Sunday Telegraph: Russia is deploying the threat to sell a "game changing" air defence system to Iran as a high stakes bargaining chip in its new "cold war" with America, The Sunday Telegraph has learned.
The Sunday Telegraph
Russia is deploying the threat to sell a "game changing" air defence system to Iran as a high stakes bargaining chip in its new "cold war" with America, The Sunday Telegraph has learned.
By Philip Sherwell in New York and William Lowther in Washington
US intelligence fears the Kremlin will supply the sophisticated S-300 system to Tehran if Washington pushes through Nato membership for its pro-Western neighbours Georgia and Ukraine.
The proposed deal is causing huge alarm in the US and Israel as the S-300 can track 100 targets at once and fire on planes up to 75 miles away.
That would make it a "game-changer", greatly improving Iranian defences against any air strike on its nuclear sites, according to Pentagon adviser Dan Goure. "This is a system that scares every Western air force," he said.
Senior US intelligence operatives believe that Russia is planning to use a stand-off over the S-300 to create a foreign policy showdown that would test the mettle of a new US president.
Republican candidate John McCain has taken a strongly anti-Kremlin line on a series of international issues and backed Georgia's desire to join Nato. His Democratic rival Barack Obama has also indicated he supports Nato membership for Georgia.
"The message from Moscow is very clear," said George Friedman, director of Stratfor, a leading US private intelligence agency. "They are saying if you don't stop meddling in our sphere of influence, this is what we are going to do.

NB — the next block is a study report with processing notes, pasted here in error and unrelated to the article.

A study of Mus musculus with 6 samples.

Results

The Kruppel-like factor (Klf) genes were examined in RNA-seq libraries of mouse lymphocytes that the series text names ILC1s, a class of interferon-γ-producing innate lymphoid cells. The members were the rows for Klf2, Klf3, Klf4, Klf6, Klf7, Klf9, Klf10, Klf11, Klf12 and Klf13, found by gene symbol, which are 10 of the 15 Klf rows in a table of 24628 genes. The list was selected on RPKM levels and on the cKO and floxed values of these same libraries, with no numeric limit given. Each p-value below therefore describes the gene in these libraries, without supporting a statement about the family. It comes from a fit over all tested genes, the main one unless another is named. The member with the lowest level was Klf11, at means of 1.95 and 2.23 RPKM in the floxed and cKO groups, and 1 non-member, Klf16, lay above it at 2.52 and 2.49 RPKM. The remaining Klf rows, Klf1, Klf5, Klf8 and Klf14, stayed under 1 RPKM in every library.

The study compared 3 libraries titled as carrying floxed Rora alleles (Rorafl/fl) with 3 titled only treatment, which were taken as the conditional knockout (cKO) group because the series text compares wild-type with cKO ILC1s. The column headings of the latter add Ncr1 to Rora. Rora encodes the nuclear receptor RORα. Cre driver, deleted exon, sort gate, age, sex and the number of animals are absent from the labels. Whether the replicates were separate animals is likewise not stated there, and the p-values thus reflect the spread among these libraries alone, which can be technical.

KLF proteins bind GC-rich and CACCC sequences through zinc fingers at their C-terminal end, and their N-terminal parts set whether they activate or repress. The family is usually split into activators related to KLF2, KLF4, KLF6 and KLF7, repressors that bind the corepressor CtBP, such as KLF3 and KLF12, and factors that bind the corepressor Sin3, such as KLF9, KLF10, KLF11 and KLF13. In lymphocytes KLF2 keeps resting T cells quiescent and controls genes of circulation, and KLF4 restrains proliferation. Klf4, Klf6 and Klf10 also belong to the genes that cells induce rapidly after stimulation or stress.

"Back Georgia and Ukraine for Nato membership and you'll see the S-300 to Iran. It is a very powerful bargaining chip and a major deterrent to US actions in the region. Moscow is playing very strategically on America's obsession with Iran."
Moscow has been infuriated by the steady encroachment of Nato into the former Soviet bloc and the recent granting of independence to the ex-Serbian province of Kosovo against its wishes.
After American condemnation of Russia's foray into Georgia, Moscow invited Syria's dictator Bashar al-Assad, a long-time US foe, to discuss military deals in a deliberate signal of how it could cause trouble for Washington.
A senior US intelligence operative who recently returned from the Middle East said Russia is believed to have struck a tentative deal to sell the S-300 to the Islamic regime. There are reports that Russia has already moved some basic components for the system to its close ally Belarus, ready for possible transfer to Iran.
"Moscow cannot simply threaten to strike the deal," the official told The Sunday Telegraph. "Iran certainly thinks it has a deal. And the Israelis believe that a deal has been reached but that they can still block it."
The outgoing Israeli prime minister Ehud Olmert is expected to pass that message on to his counterpart Vladimir Putin and President Dmitri Medvedev when he visits Moscow next month. Israel has already ended military assistance to Georgia in an effort to placate Russia.
Russia has denied previous assertions by senior Iranians that a deal has already been finalised on the S-300.
Dan Goure, a long-time Pentagon adviser, said: "If Tehran obtained the S-300, it would be a game-changer in military thinking for tackling Iran. That could be a catalyst for Israeli air attacks before it's operational."
Dr Friedman said that if it became operational, it would effectively rule out Israeli air raids and seriously complicate any US aerial bombardment.
The system would take up to a year to become operational. In the meantime, Israel would come under heavy domestic pressure to launch an attack on Iranian nuclear plants, which the West believes are part of a secret atomic weapons programme but which Tehran claims are for civilian energy.
A senior Iranian military commander warned yesterday that any attack on Iran would start a major conflict. "Any aggression against Iran will start a world war," deputy chief of staff for defence publicity, Brigadier General Masoud Jazayeri, said in a statement. "The unrestrained greed of the US leadership and global Zionism… is gradually leading the world to the edge of a precipice."